NHS offers first drug targeting advanced breast cancers driven by BRCA gene mutations

Talazoparib (Talzenna) will become the NHS’s first targeted treatment for advanced breast cancers caused by mutations to BRCA genes, after a recommendation by the National Institute for Health and Care Excellence (NICE).

NICE estimates that around 300 people in England will benefit from the new treatment, which will be offered to them instead of chemotherapy. Clinical trial results suggest that it can stop their cancers growing for longer

The decision was made after Pfizer, the company that makes talazoparib, offered the drug to the NHS at a discount. NICE had originally chosen not to recommend it because of cost concerns.

What are BRCA genes?

Everyone has BRCA (BReast CAncer) genes, which usually work to stop cells multiplying in ways that can lead to cancer. A very small group of people (around 1 person in every 450), have different versions of these genes. These changes, which can be inherited, make BRCA genes less able to stop cells from growing out of control, increasing the risk of certain cancers.

Since our researchers helped discover BRCA genes in the 1990s, doctors have been able to use treatments like talazoparib to target common features of cancers caused by BRCA mutations. The first of these “PARP inhibitor” drugs, olaparib, was also developed by a team of our scientists.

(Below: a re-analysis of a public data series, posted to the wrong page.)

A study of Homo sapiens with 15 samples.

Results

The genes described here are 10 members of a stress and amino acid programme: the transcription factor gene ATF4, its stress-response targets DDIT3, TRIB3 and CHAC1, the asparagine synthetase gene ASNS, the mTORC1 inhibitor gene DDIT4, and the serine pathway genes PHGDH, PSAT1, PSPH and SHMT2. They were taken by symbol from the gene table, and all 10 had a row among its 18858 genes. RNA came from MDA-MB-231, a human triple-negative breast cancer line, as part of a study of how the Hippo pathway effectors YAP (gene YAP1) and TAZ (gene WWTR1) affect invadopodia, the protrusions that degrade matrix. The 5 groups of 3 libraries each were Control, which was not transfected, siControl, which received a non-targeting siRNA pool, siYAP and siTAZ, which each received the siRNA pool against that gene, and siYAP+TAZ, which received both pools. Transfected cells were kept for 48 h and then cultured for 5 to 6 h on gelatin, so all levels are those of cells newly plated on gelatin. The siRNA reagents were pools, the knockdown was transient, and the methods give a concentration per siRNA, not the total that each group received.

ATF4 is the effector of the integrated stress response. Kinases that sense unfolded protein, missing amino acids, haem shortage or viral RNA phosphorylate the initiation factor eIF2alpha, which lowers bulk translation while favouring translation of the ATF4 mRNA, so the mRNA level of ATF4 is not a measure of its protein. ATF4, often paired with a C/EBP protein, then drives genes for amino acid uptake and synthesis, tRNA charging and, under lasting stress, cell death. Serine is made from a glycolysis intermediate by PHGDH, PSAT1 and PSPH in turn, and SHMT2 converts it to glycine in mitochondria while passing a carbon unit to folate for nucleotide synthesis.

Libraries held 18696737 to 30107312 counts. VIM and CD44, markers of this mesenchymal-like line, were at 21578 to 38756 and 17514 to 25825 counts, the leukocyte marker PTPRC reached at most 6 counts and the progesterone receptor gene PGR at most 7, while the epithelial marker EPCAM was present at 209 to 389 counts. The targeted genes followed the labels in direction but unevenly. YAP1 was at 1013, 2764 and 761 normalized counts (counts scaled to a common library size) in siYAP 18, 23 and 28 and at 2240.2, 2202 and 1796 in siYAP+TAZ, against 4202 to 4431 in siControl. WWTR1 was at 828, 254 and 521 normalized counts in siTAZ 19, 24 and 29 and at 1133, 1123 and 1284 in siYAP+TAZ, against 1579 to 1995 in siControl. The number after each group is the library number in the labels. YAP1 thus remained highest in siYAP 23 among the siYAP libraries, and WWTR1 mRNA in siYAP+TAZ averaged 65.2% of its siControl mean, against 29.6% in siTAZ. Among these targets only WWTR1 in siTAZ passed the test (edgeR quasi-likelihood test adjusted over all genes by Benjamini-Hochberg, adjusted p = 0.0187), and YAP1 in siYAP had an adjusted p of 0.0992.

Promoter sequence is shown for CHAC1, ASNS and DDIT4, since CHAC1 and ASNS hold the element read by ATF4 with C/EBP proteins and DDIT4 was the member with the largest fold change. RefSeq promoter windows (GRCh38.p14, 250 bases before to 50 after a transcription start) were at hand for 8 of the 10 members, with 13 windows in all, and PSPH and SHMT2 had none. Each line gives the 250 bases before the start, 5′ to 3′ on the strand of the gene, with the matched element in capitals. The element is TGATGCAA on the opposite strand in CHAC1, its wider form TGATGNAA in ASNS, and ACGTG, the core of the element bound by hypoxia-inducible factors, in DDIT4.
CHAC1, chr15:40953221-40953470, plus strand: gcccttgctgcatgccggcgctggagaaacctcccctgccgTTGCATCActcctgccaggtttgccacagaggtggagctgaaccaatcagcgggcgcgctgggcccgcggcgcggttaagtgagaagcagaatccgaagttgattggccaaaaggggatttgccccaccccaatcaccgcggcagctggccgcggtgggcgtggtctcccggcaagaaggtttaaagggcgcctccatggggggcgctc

Drugs like olaparib are already available for early-stage breast cancers. NICE’s decision on talazoparib means these breakthroughs can now also help people with more advanced disease.

A targeted drug for advanced breast cancers

Talazoparib is recommended for advanced breast cancers with cells that don’t have receptors for a protein called HER2, which can be effectively targeted by other drugs. HER2 negative breast cancers, including triple negative breast cancers, don’t have as many treatment options.

Advanced breast cancers have grown or spread to the point that they cannot be cured, so the aim of treatment is to help people live longer with a good quality of life. This is done differently for different HER2 negative cancers, but treatments often involve giving chemotherapy directly into people’s veins.

Patient experts told the NICE committee that this can be difficult and tiring. They also explained that people receiving chemotherapy need to spend lots of time in hospital, which makes it harder for them to lead normal lives.

By contrast, people who have advanced HER2 negative breast cancers and BRCA mutations can take talazoparib at home in the form of a daily pill.

How effective is talazoparib?

The NICE committee based their recommendation on evidence from the EMBRACA trial, which compared talazoparib to alternative therapies chosen by physicians in different countries. Although it didn’t improve overall survival, talazoparib kept trial participants’ cancers from growing or having a bigger impact on their health for longer than other treatments.

Doctors and patients told NICE that these results show talazoparib could help people live “as normal a life as possible for as long as possible”.

In most cases, the NHS will offer talazoparib to people who have already been treated with at least one other breast cancer drug. It can be used as people’s first treatment when the other available options are not suitable.

NICE decisions apply to England and are usually adopted in Wales and Northern Ireland. Scotland has a different process for deciding which drugs can be used on the NHS.